Recently I’ve been helping a friend get his RV-7 airborne after eight years of building and thought some might be interested in the ‘feel’ of how something like this goes with a well developed design built by a careful builder.
In this case the plane is a near standard RV-7 (the tail wheel side-by-side version) with a new Lycoming 0-360 engine and new CS propeller. Really the only major departure from the norm is the landing gear, which is a prototype Grove contoured/formed spring aluminum design, bolted to a suitably modified engine mount weldment. The brakes are also Grove. Otherwise its pretty much standard although all of them vary in detail. The builder is a foreman for a industrial fabrication shop so as you might imagine the build standard is very high.
Two major issues came up as the plane neared completion: the first is that the plane, although having been hangared (unflown) at one airport, needed to move to another airport to get its C of A, and for its initial test flight. Our friend the FAA Designated Airworthiness Representative (DAR) has been under pressure not to issue any C of A until the aircraft is physically located at the airport where the initial flight is approved – this being an outlying airport surrounded by fields. Inevitably this came up because several times recently other builders have surmised that with C of A in hand the easiest way to get their plane to the designated airfield for its initial test flight was to fly it there….
The second issue is typical for builders I think – he basically hasn’t flown in five years. In addition to building the plane he got married and both had their impact on his time to fly. I’m not the guy for any test flight role and have no RV experience, but luckily we have another friend (he might’ve made the landing gear ) who agreed to do the initial flight and yet another friend who said he’d help out putting some time on the plane. Moving the plane was not a big deal – enough people came out of the woodwork, and with trucks and trailers made available the plane got to its new temporary hangar. The next day the wings were reattached and it was made ready for flight. Late in the week the DAR issued the C of A. That’s actually when the more interesting part of the whole procedure started (for me). The engine, prop, instrumentation and radios had been checked out pretty carefully prior to transportation and were checked again – no problems. On the Saturday the designated pilot showed up and repeated all those checks. Then he taxied to the end of the runway and took off…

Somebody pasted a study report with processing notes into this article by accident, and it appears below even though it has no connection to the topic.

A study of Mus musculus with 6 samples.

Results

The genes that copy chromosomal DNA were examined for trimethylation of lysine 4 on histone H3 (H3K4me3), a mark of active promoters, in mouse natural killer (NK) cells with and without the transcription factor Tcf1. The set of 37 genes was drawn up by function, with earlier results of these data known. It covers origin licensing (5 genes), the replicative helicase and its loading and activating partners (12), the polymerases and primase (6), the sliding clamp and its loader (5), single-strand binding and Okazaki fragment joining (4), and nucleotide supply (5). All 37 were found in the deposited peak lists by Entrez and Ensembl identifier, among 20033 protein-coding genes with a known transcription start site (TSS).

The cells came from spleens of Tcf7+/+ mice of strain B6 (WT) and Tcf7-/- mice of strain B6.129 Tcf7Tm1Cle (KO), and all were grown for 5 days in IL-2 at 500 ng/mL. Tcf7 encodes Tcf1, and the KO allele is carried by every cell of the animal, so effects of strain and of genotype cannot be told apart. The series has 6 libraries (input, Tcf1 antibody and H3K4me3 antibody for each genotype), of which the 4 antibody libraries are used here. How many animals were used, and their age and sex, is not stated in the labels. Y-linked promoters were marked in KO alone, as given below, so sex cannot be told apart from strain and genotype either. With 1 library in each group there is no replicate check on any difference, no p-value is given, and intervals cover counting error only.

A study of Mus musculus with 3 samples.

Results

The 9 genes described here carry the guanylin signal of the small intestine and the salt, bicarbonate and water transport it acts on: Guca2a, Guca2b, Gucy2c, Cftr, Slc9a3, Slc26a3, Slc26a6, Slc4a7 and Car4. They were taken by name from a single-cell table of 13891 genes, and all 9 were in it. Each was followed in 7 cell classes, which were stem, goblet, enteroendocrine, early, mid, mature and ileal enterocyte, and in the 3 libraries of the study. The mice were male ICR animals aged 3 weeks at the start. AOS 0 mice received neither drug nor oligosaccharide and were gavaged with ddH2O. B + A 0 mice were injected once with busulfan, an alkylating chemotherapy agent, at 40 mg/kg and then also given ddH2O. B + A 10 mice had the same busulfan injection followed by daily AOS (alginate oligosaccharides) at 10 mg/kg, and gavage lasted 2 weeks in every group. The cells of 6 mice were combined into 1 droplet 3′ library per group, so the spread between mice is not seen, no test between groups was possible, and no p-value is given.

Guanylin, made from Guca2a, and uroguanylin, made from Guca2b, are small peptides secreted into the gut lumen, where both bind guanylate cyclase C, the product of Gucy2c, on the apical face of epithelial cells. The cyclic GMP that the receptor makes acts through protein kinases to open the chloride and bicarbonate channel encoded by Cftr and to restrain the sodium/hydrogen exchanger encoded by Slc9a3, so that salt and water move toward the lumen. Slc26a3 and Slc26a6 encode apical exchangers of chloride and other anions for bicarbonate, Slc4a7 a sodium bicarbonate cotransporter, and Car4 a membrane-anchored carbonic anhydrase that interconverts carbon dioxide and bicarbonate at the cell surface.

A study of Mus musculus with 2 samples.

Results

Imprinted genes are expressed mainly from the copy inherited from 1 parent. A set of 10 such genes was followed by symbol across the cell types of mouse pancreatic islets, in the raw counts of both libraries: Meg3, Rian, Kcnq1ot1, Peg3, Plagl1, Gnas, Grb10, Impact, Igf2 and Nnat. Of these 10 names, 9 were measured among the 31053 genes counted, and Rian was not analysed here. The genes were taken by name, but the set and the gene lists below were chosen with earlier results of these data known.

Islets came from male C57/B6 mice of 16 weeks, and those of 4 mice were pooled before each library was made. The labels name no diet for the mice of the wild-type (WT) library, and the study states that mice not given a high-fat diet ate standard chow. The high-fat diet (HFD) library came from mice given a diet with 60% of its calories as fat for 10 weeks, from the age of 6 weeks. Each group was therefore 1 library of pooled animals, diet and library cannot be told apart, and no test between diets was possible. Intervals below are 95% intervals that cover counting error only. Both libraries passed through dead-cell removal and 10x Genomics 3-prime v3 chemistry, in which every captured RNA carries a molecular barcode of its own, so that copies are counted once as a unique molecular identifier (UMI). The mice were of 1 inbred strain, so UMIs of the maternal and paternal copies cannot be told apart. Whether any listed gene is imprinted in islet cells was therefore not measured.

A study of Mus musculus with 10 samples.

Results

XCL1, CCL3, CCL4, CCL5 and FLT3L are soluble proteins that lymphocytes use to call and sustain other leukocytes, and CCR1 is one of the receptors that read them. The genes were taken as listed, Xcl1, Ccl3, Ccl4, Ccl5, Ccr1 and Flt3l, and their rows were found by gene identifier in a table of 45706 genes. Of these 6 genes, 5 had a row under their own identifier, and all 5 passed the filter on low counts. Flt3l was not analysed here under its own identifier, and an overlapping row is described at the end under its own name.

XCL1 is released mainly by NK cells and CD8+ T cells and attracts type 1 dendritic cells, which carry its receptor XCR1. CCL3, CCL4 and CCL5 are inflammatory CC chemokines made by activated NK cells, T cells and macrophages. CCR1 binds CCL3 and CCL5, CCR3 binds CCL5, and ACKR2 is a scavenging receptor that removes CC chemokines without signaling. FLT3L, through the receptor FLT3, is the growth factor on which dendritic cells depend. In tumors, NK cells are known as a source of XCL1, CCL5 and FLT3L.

After a while he came back, landed and taxied back to the hangar. Along with the obvious joy of the thing having flown came the obvious question: what’s wrong with it? “I think the CHT and OIl temps are about 20 degrees lower than optimum” And?… “and nothing. Its in trim. It’s an RV, what do you want me to say?” The next weekend pilot number two gave it a try: happily he came back too: “Yeah, you should think about closing up the cowling a bit, maybe it’d go faster” And?… “I rolled it, looped it, and tried to spin it… it won’t really spin, it does what a Vari-Eze was supposed to do. It’s as predictable as that 172 over there. There’s nothing else to do”
Now the problem is that the builder can’t fly it, the other guys have done everything they can do with it in 1.5 hrs, and it has to be flown solo for another 38.5 hours! I’m happy the builder has that kind of problem to solve After seeing the diametrically opposed situation with my dad’s plans built homebuilt in the 80s, which included two engine failures and a broken canard (in other words years of development) I was a little taken aback by the RV experience. They are really pretty close to being factory built aircraft in dispersed production.